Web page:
Location: Crop Bioprotection ResearchTitle: Captive bubble and sessile drop surface characterization of a submerged aquatic plant, Hydrilla verticillata Author
Submitted to: Current Topics in Phytochemistry
Publication Type: Peer Reviewed Journal
Publication Acceptance Date: 11/1/2012
Publication Date: 11/15/2012
Citation: Dunlap, C.A., Biresaw, G., Shearer, J.F. 2012. Captive bubble and sessile drop surface characterization of a submerged aquatic plant, Hydrilla verticillata. Current Topics in Phytochemistry. 11:53-58.
Interpretive Summary: This research determined the chemical and physical properties of the plant surfaces of the invasive aquatic weed, hydrilla. Hydrilla has been labeled as one of the world’s worst weeds and causes millions of dollars in ecological and economic damage in the U.S. each year by clogging waterways. This research utilized different techniques to characterize these properties of the weed. The knowledge of these parameters is needed to understand how weed control products will adhere to them. This is the first report of characterizing these properties for a submerged aquatic plant. These results will allow us to more effectively design new bioherbicide formulations to control the submerged weed. This research benefits scientists and the broad group of stakeholders looking for new hydrilla control options.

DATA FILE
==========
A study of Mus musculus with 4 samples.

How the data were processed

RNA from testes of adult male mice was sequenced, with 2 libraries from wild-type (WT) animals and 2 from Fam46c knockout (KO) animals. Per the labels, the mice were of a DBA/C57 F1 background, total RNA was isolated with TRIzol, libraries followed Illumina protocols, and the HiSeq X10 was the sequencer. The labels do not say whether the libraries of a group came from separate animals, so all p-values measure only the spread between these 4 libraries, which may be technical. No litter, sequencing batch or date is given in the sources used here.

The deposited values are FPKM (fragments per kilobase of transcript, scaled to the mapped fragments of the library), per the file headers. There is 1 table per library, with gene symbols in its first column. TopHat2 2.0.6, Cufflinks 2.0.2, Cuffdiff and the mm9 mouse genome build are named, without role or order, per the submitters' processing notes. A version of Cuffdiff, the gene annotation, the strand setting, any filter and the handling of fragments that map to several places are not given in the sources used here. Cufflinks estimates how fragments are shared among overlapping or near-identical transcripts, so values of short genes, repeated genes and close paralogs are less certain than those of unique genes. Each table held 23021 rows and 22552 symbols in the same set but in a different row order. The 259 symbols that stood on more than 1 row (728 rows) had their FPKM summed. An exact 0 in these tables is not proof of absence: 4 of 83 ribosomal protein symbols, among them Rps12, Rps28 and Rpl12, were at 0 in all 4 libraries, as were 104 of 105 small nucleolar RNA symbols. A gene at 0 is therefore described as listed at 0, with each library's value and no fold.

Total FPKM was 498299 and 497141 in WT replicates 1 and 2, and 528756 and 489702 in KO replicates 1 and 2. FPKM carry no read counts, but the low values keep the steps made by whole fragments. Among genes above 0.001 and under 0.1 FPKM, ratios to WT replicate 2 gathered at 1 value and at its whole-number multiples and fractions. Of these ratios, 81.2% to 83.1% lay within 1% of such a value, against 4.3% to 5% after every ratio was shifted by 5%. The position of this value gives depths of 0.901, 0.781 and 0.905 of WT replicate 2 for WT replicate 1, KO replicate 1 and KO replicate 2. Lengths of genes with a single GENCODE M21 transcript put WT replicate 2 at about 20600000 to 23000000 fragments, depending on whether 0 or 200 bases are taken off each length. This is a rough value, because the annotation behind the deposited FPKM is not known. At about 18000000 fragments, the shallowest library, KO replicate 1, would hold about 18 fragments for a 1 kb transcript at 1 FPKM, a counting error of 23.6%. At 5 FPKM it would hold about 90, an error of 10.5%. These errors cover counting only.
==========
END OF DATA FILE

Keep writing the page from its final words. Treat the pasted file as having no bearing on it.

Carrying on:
Technical Abstract: The surface energy parameters of the invasive aquatic weed, Hydrilla verticillata, were determined using contact angle measurements using two different methods. The abaxial and adaxial surfaces of the leaves and stem were characterized for the weed while submerged in water using captive air and octane bubbles. For comparison, the adaxial surface of air-dried leaves was characterized using sessile drops of three liquids. The results of captive bubble experiments estimate the surface energy parameters to be similar for each of the plant components with a surface free energy of ~45 dyn/cm with polar and dispersive contributions approximately equal. While air-dried leaf surfaces had an estimated surface free energy of ~47 dyn/cm with a dispersive component of 38 dyn/cm and a polar component of ~9 dyn/cm. These results highlight the need to take into account the hydration status of these types of surfaces when analyzing their surface energy components. This report is the first to characterize the surfaces of this important weed and submerged plant components.